Grand Canal Flood Control
Capital Project Name: Bethany Home/Grand Canal Flood Control Project
Location: Grand Canal from 63rd Ave in Phoenix to the Loop 101 in Glendale
Total project cost: $68,800,000
Year completed: 2010
For decades, flooding was a way of life along the Grand Canal in the West Valley. Dozens of homes flooded between the 1960’s and 1990’s. Perhaps the most memorable event happened in 1963, when more than five inches of rain fell in the area around Campbell and 71st Avenues. The same basic area flooded again after a big storm in 1992.
“In much of this area, the Grand Canal is contained by an embankment, elevated above the surrounding ground,” explained Scott Vogel with the Flood Control District of Maricopa County. This created “a ‘dam’ that water ponds against, flooding homes on the upstream side and sometimes breaking through the canal embankment to flood homes on the downstream side.”
(August 17, 1963: Campbell Avenue & 71st Avenue)
(August 1963: Maryvale)
As the West Valley grew, the threat posed by flooding became more serious. By 2000, the same area that flooded during the 1963 storm had more than 12,300 structures with a potential for $180 million in damages.
That’s why the Flood Control District decided to intervene. The plan: partners with the Cities of Glendale and Phoenix to build a channel along the Grand Canal from 63rd Avenue to the Loop 101.
Completed in 2010, the channel captures storm water before it can flood homes and properties. Vogel, the project manager, says the District also built storm drains along Camelback and Bethany Home Roads to further reduce flooding in the area and ease traffic problems during storms. “The main function of the project is flood projection,” he explains, “but it also provides a greenbelt corridor for recreation, hiking, biking, and equestrians.” It’s a flood control project that benefits the community whether it’s storming outside or not.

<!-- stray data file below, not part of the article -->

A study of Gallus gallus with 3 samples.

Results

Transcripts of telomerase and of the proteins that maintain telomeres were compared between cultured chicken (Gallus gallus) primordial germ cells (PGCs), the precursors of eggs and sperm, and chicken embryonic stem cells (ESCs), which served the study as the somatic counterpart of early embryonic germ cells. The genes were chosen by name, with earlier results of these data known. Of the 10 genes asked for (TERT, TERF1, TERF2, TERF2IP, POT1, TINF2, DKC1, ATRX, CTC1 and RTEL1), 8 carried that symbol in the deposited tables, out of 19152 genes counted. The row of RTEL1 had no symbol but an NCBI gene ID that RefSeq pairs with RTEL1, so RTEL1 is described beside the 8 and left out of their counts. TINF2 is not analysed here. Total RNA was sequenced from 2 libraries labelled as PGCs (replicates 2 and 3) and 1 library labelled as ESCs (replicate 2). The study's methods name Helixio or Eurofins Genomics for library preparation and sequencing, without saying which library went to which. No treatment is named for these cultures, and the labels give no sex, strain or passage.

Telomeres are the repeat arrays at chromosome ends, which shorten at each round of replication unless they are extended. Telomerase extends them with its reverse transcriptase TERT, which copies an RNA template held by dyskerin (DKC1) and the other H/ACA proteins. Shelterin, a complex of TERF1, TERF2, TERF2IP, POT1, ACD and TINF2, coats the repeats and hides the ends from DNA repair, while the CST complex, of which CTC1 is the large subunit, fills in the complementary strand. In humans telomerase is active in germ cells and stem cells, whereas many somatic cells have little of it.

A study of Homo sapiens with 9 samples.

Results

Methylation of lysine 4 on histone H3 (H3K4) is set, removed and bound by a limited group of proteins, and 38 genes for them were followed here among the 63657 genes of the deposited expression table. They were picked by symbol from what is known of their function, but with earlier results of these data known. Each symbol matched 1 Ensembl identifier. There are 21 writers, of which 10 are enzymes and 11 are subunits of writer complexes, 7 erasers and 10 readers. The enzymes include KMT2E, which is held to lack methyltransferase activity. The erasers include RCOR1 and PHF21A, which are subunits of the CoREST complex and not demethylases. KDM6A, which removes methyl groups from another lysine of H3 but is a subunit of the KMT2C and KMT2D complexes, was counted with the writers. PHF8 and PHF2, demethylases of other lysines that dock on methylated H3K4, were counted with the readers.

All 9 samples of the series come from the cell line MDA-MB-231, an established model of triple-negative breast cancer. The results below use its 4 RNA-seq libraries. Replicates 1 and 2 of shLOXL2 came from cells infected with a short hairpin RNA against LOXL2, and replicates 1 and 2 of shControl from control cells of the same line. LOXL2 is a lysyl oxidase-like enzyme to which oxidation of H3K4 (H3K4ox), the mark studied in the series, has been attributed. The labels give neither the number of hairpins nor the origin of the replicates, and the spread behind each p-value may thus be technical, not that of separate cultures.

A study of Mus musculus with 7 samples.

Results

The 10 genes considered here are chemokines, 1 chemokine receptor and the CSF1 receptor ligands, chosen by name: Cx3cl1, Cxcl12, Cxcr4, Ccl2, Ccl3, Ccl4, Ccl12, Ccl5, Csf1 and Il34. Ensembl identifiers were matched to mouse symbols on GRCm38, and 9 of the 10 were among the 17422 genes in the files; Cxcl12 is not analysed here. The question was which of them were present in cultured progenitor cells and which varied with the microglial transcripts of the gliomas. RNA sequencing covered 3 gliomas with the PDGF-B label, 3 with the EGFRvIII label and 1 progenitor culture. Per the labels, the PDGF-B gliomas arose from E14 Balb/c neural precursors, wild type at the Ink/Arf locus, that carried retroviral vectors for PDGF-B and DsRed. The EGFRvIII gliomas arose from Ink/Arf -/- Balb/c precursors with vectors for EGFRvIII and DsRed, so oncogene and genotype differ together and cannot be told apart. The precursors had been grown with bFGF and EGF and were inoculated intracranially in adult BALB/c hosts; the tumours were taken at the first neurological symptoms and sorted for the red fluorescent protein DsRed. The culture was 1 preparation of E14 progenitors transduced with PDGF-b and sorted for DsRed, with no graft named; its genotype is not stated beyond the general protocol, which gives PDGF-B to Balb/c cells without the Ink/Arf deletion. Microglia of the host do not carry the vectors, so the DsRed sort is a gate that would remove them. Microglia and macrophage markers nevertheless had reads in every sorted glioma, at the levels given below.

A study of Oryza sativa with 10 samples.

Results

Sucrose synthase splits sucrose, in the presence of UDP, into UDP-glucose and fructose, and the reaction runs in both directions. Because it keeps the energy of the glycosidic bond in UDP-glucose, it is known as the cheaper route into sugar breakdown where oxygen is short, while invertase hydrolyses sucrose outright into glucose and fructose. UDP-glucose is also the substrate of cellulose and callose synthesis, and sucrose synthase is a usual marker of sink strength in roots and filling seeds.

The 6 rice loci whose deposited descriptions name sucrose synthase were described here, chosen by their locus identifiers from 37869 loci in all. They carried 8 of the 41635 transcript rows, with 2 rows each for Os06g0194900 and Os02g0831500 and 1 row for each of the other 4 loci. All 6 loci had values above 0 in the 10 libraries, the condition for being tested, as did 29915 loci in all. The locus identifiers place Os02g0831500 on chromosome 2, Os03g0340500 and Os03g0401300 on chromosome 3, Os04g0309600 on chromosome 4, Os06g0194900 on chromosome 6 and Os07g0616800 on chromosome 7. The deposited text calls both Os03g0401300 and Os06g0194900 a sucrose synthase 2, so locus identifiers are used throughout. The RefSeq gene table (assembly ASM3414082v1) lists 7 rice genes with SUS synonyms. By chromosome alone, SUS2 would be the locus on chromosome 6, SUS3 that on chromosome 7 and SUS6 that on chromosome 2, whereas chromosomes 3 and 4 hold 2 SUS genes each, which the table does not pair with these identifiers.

The new channel and drainage system was put to the test in September 2014 by the historic storm of September 2014 which brought more than four inches of rain to the area in just six hours. All that rain would have caused major flood damage before, but the channel was able to capture all the run-off from the storm, protecting people and homes.
(July 25, 1992: Highland Avenue to 72nd Avenue)
“There are a lot of things that government doesn’t need to do, but protecting lives and property, that’s our job,” said Supervisor Clint Hickman, District 4. “This project had a clear positive impact in the West Valley, immediately lowering the risk of flooding in an area prone to it. I have no doubt these neighborhoods in Glendale and Maryvale are safer because of the Flood Control District’s efforts.”